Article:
Growing up I'd often heard the old saying, "Cleanliness is next to godliness." For
my freshman-year roommate Renee, cleanliness was next to impossible.
I assumed everyone felt obligated to make their beds in the morning. Renee
thought it was a waste of time.
My dirty laundry went straight to the laundry basket, while Renee's was spread
in little piles all over the room: a heap of socks by the bed, shirts and
jeans draped over the backs of chairs, pajamas covering the closet floor.
I kept my papers in notebooks or files; Renee's were scattered all over the
place, from the chemistry lab notes stacked on the TV to the
junk mail she routinely stashed under the bed.
I expected to share cleaning duties. It took an act of Congress to get Renee
to take out the garbage (including the boxed remains of a five-day-old pizza
wedged among the junk under her desk). It was a nightmare. Classes had barely
started when I was on the phone to Mom, complaining, "Yeah, she's nice. She's
just kind of
I didn't think I had unreasonable ideas of cleanliness. I wasn't expecting
living quarters that could ace a white-glove inspection, but at the same
time, I didn't want to live on an obstacle course. I was, I thought, an average,
middle-of-the-road, clean kid. Renee thought I was a "neat freak." Ouch.
Obviously, Renee and I had different ideas about what cleanliness meant.
This led, of course, to a fair share of roomie tiffs about the state of the
dorm room. Eventually, we called a cease-fire by both agreeing to compromise
a little. And our room was transformed from a war zone into a pretty cozy
place to live.
If you, too, are yoked with a messier-than-thou roommate, take heart: It's
never too late to deal with the situation. Actually, even if you are
the messy one, the following tips may help you find a comfortable and successful
way to approach the subject with your roommate. However you decide to deal
with it, remember to be diplomatic. After all, you'll probably be living
with this person for a considerable amount of time, and you don't want a
relationship that's even messier than your room.
Define "clean." To some people, an unmade bed means the occupant
is disgusting, lazy, sloppy, etc. To others, it may be considered a sign
of genius ("I hear Einstein never made his bed," they'll say). When it comes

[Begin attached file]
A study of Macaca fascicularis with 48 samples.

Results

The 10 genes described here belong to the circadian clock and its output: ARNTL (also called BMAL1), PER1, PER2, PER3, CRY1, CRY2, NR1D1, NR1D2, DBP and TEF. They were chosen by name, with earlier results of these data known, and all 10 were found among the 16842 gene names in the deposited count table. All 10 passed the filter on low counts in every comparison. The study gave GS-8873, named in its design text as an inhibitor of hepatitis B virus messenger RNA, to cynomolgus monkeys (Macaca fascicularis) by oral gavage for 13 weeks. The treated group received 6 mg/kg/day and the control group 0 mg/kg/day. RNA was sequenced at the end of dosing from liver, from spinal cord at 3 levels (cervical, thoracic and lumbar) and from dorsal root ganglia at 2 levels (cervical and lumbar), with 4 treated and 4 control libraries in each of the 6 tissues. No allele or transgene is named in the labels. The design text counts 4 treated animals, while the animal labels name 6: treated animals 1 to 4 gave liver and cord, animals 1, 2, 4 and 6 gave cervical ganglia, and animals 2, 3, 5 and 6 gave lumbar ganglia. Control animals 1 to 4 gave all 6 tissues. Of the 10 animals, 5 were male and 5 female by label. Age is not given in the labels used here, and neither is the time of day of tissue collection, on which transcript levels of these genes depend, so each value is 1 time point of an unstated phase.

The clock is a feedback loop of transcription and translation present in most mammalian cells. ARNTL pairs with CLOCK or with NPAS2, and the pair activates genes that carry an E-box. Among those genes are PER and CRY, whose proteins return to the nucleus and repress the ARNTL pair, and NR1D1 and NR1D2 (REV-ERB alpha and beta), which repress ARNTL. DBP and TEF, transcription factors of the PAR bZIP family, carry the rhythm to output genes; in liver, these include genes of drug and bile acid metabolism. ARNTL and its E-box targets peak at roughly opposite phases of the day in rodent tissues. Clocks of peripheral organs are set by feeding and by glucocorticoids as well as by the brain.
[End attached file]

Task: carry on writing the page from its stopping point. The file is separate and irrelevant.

to defining "clean" and "neat," not everyone has the same standards.
The "How clean is clean enough?" question was a big problem for Renee and
me. We simply had different ideas about what constituted basic standards
of cleanliness. It would have made things much easier for both of us if we
had known from the get-go what one another's expectations were. I was way
off base when I assumed that my definition of neatness would jibe with Renee's
In the best-case scenario, roommates will find common ground and then stick
to their shared standards. You both have to live there, so you should both
be comfortable there. Decide early on what's OK and what's not, then stick
Share the work. If you're the only one doing the dirty work, there's
a good chance you'll start to bear a grudge against your slacker roomie.
Believe me. I basically did all the chores myself for two months, silently
resenting Renee for not helping me out. Make it clear to your roommate that,
even though you're the one who's always spiffing up the place, you want and
One suggestion that some friends shared with me was the chore chart idea.
Make a list of housekeeping duties and then divvy them up. Post it on the
wall so you know who's got which duty each week. You can even set up a reward
system if you wantjust like Mom and Dad used to do.
Needless to say, this is something that you and your roommate should plan
out together. Don't try writing a note that says "Hey, Chris, I've assigned
you to clean the toilet for the rest of the semester. Also, please mop the
floor every other day and scrub the tile grout with a toothbrush (yours,
not mine) three times a week. I'll be in charge of watering the plants. See
ya." I really doubt that arrangement will fly.